Overview of Minnesota’s Health Insurance Exchange
When the Affordable Care Act was passed in 2010, states gained the opportunity to build health insurance marketplaces, called exchanges. MNsure is Minnesota’s marketplace. The site allows you to find health plans from multiple insurers and can help you determine which plans best fit your particular needs.
MNsure is offering 141 plans from the following key providers: Blue Cross and Blue Shield of Minnesota, HealthPartners, Medica, PreferredOne Insurance Company, and UCare Minnesota.
Individuals, families and small businesses can begin shopping and comparing rates on October 1, 2013, by visiting mnsure.org. They can also reach out to one of MNsure’s community partners or MNsure-certified agents/brokers to secure health insurance through MNsure.
Open enrollment lasts until March 1, 2014. Your plan will be effective on January 1, 2014.
Comparison of plans will be easily available to consumers who visit mnsure.org after October 1, 2013. They will be able to see plans side-by-side and choose the plans that are right for them and their families.
Per the Affordable Care Act all plans must offer the following essential services:
- Ambulatory patient services (doctor visits)
- Emergency services
- Maternity and newborn care
- Mental health and substance use disorder services, including behavioral health treatment
- Prescription drugs
- Rehabilitative and habilitative services and devices (Habilitative services are for people with disabilities who need speech, occupational, or physical therapy.)
- Laboratory services
- Preventive and wellness services and chronic disease management
- Pediatric services, including oral and vision care
Mental health and prescription coverage will be offered through all plans. Some plans will also offer dental coverage, and individuals can also buy separate dental-only plans through MNsure.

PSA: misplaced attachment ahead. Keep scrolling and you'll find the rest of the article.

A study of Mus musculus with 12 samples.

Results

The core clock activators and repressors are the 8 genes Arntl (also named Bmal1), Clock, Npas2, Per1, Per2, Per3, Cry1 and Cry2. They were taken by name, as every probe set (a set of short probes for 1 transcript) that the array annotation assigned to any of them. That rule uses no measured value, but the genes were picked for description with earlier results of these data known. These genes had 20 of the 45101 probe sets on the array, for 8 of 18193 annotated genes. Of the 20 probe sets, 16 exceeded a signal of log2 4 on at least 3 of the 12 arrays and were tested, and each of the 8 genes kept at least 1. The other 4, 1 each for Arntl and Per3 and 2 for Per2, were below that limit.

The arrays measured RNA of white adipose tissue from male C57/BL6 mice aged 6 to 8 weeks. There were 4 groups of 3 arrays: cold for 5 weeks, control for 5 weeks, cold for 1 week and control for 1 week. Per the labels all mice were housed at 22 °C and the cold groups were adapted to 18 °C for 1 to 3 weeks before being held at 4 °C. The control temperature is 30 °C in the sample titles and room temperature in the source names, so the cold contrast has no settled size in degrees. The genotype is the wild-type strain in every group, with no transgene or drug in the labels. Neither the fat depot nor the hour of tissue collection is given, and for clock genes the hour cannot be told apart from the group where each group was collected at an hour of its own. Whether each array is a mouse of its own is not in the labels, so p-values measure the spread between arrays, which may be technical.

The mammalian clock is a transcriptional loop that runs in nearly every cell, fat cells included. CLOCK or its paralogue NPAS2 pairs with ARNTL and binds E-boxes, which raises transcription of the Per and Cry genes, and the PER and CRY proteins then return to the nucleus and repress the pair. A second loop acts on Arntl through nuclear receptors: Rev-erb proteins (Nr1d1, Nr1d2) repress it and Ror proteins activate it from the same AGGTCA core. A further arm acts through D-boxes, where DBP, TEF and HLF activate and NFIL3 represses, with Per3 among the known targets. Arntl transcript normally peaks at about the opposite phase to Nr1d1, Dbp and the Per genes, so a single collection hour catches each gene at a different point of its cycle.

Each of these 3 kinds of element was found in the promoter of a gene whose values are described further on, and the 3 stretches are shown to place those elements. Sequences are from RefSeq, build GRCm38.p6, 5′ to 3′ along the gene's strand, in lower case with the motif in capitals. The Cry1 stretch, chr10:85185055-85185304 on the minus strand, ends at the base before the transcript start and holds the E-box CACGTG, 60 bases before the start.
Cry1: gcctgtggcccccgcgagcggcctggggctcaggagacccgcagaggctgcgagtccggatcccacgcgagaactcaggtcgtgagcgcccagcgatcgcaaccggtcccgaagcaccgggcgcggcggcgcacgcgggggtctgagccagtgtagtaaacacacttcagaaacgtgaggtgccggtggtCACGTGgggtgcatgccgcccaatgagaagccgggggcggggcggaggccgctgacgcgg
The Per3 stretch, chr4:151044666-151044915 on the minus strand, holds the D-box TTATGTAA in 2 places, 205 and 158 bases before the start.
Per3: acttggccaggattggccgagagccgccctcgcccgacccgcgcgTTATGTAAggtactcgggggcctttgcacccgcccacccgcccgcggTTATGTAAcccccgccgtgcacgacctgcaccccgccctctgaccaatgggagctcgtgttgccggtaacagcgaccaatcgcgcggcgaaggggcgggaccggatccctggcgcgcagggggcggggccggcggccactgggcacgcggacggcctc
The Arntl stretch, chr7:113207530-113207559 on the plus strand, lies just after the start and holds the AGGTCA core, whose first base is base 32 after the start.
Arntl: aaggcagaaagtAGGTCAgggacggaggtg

There are four basic plans available with varying levels of coverage: Bronze (60 percent of expenses paid by plan), Silver (70 percent), Gold (80 percent), and Platinum (90 percent). Lower plans have lower premiums, but higher out-of-pocket costs. A catastrophic plan is available for folks under the age of 30. This plan has a high deductible.
Adults living at or below 200 percent of the federal poverty level (also known as FPL, which is $11,490 a year in wages for one person and $23,550 a year in wages for a family of four), or pregnant women living at or below 278 percent of the FPL, can qualify for Medicaid in Minnesota, based on eligibility requirements that take effect January 1, 2014.
Additional federal financial protection provisions start in 2015 that include a maximum annual out-of-pocket cost of $6,350 for individuals and $12,700 for families. Capping out-of-pocket costs will help consumers pay medical bills that aren’t covered by insurance, reducing the chances of bankruptcy.
Tax credits are based on the Silver Plan, so you can easily determine what your additional out-of-pocket costs will be if you elect a higher or lower plan compared to the Silver. The Affordable Care Act (ACA) was designed so the Silver Plan would be affordable to people who had to buy their own insurance, regardless of how expensive the healthcare rates may be where they live.
A Silver Plan for a 40-year-old non-smoker ranges from $154 to $326 per month in Minnesota, depending on the region. There are nine different regions. The average premium on a Silver Plan for a 40-year-old non-smoker is $217.35. See the Approved and Effective Rate Filings page on the Minnesota Department of Commerce's Insurance site for full rate data for all the insurance plans offered via MNsure. Individuals and families with incomes under 400 percent of the federal poverty level, and who are covered by an exchange plan, are eligible for healthcare tax credits that can be used to offset insurance premiums. The payment of credits will begin in 2014.
People want to how much their subsidies are, but the real question is how much will you pay? Once you figure out what the maximum healthcare percentage is for your income, then you know that's the most you'll have to pay for a Silver Plan (you may pay less). For example, if your annual income is $32,500 (283 percent of the poverty level) the most you’ll have to pay for health insurance is nine percent of your income. This amounts to $2,926 a year, or $244 a month. The challenge is to look at the costs of Bronze, Silver, Gold, and Platinum, and decide which plan offers the best value for you. Here is a calculator offered by the Kaiser Family Foundation that provides an estimate of your subsidy eligibility and how much you should expect to spend on health insurance.
Information on Subsidies
People who qualify for Medical Assistance, tax credits, payment assistance, or MinnesotaCare are as follows:
- Children and pregnant women under 275 percent of the federal poverty level qualify for medical assistance.
- Individual people with incomes up to $15,282 qualify for medical assistance.
- People with incomes between $15,282 and $22,980 qualify for MinnesotaCare.
- Having an income of $22,981 and $45,960 qualifies you for tax credits, which help lower premiums.
To learn more about MNsure, please visit http://www.mnsure.org or call 1-855-3-MNSURE (1-855-366-7873).